Navarro, ITNY humbled by ballet legend VillellaFamed American dancer inspires all in home season's 'Reveries'
Edward Villella is the most famous American ballet dancer of his time, possibly of all time. And I am sure I knew this when I studied dance in college. I must have. But it wasnʼt until now, until being cast as the "muse" in his new on-ice ballet, Reveries, that I have fully come to understand the greatness that is Edward Villella.
Villella was a principal dancer with the New York City Ballet and danced under the
direction of the famous choreographer, George Balanchine. Villella was the first American male dancer to appear with the Royal Danish Ballet and was the only American ever asked to dance an encore at the Bolshoi Theatre. He is a recipient of the Kennedy Center Honors and was awarded the National Medal of the Arts. In short, he is a ballet god.
Last year, Edward moved back to New York City after years directing the Miami City Ballet. This week, he finds himself in the fairly familiar world of ice skating -- he has collaborated with Dick Button and Dorothy Hamill, and is married to Olympic figure skater Linda Carbonetto -- as he premieres Reveries at the Ice Theatre of New York (ITNY) home season.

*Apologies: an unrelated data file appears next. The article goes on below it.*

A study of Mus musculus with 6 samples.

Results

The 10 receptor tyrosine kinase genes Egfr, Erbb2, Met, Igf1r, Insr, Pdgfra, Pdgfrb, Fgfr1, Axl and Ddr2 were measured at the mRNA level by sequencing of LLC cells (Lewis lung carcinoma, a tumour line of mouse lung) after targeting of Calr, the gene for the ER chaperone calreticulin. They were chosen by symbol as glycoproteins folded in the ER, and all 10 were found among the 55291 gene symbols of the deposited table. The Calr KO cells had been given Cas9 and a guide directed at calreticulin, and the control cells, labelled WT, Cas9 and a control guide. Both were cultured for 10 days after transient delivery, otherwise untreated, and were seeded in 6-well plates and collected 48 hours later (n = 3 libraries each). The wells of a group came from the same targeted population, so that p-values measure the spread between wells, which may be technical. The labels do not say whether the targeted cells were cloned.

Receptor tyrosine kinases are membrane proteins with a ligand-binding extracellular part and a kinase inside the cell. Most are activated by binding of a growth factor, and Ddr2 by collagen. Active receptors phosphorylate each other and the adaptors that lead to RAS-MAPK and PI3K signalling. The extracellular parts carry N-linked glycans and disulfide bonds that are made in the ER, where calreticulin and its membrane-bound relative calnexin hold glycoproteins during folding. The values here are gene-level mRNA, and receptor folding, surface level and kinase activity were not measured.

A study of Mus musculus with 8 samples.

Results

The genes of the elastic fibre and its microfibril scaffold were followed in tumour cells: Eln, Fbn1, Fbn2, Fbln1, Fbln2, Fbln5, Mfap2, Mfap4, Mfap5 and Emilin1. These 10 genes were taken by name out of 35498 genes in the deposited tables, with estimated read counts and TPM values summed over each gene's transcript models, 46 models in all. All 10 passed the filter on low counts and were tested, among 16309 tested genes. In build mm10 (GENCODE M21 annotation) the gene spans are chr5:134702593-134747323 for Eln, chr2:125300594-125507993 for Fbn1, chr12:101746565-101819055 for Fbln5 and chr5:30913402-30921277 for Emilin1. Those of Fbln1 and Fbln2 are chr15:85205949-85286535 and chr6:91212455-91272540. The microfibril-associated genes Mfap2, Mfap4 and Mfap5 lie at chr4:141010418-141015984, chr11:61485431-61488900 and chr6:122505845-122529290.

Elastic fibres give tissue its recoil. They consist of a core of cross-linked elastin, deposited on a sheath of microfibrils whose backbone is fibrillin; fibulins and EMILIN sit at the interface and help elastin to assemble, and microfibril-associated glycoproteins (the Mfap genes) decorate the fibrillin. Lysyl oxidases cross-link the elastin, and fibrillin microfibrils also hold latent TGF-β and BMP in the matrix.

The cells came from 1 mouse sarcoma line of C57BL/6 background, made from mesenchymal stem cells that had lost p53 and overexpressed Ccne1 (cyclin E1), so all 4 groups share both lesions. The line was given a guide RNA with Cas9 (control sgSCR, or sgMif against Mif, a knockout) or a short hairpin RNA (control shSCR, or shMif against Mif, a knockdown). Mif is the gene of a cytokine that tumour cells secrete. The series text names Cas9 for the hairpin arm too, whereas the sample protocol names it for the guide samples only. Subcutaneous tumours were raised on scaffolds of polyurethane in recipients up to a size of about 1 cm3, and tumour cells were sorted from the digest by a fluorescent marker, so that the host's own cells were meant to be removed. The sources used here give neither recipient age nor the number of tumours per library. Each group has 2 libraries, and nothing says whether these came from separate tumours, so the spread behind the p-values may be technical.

Reveries tells a story that is common to ballet: the story of unattainable love. Poet and muse. Brent Bommentre and I have the great honor of playing these roles.
The piece was pre-produced in New Jersey with Ice Theatre artistic director Douglas
Webster and company members Sinead Kerr and John Kerr. The piece was then set on the cast during the three-week residency in Sun Valley, Idaho.
During the residency, while Doug taught the other skaters their steps, Brent and I were given the pre-production video from which to learn our steps. Then, later in the day, Brent and I would work separately on our duets with Edward.
During one of these private sessions, Edward asked me, "Why are you turning away from Brent there?"
Confused, I quickly answered, "Because those are my steps." I had video footage to
prove it if he thought I was lying.
"Yes, but why?" he continued.
Oh. "I donʼt know."
Edward smiled. "Letʼs find out."
And it was like this as we continued working on Reveries; Edward investigated each
moment to show us how it furthered the overall story. He didnʼt care so much about the skating steps; he was invested in the intention of the movement. He told us, "You are having a conversation."
Because of this experience, Brent and I, along with all the skaters, were
invited to peer into this deep and rich world that is ballet. Itʼs a historic world and itʼs very humbling. Edward throws around names like Balanchine, Jerome Robbins
and Igor Stravinsky like I might talk about what I ate for breakfast.
And yet, while I stand with my jaw dropped at the legacy that is Edward Villella, he turns around and sincerely thanks all the skaters for "being willing participants" in his work. He is an incredibly unpretentious man, so much so that Brent accidentally began calling him "Ed."
You can come see Reveries at the Ice Theatre of New York home season Oct.
24-26 at Sky Rink Chelsea Piers in New York City, as well as all the other ITNY
works I cannot recommend enough.
You will probably see Edward there too, fighting off the cold rink with a warm smile, humbly nodding his head to the music.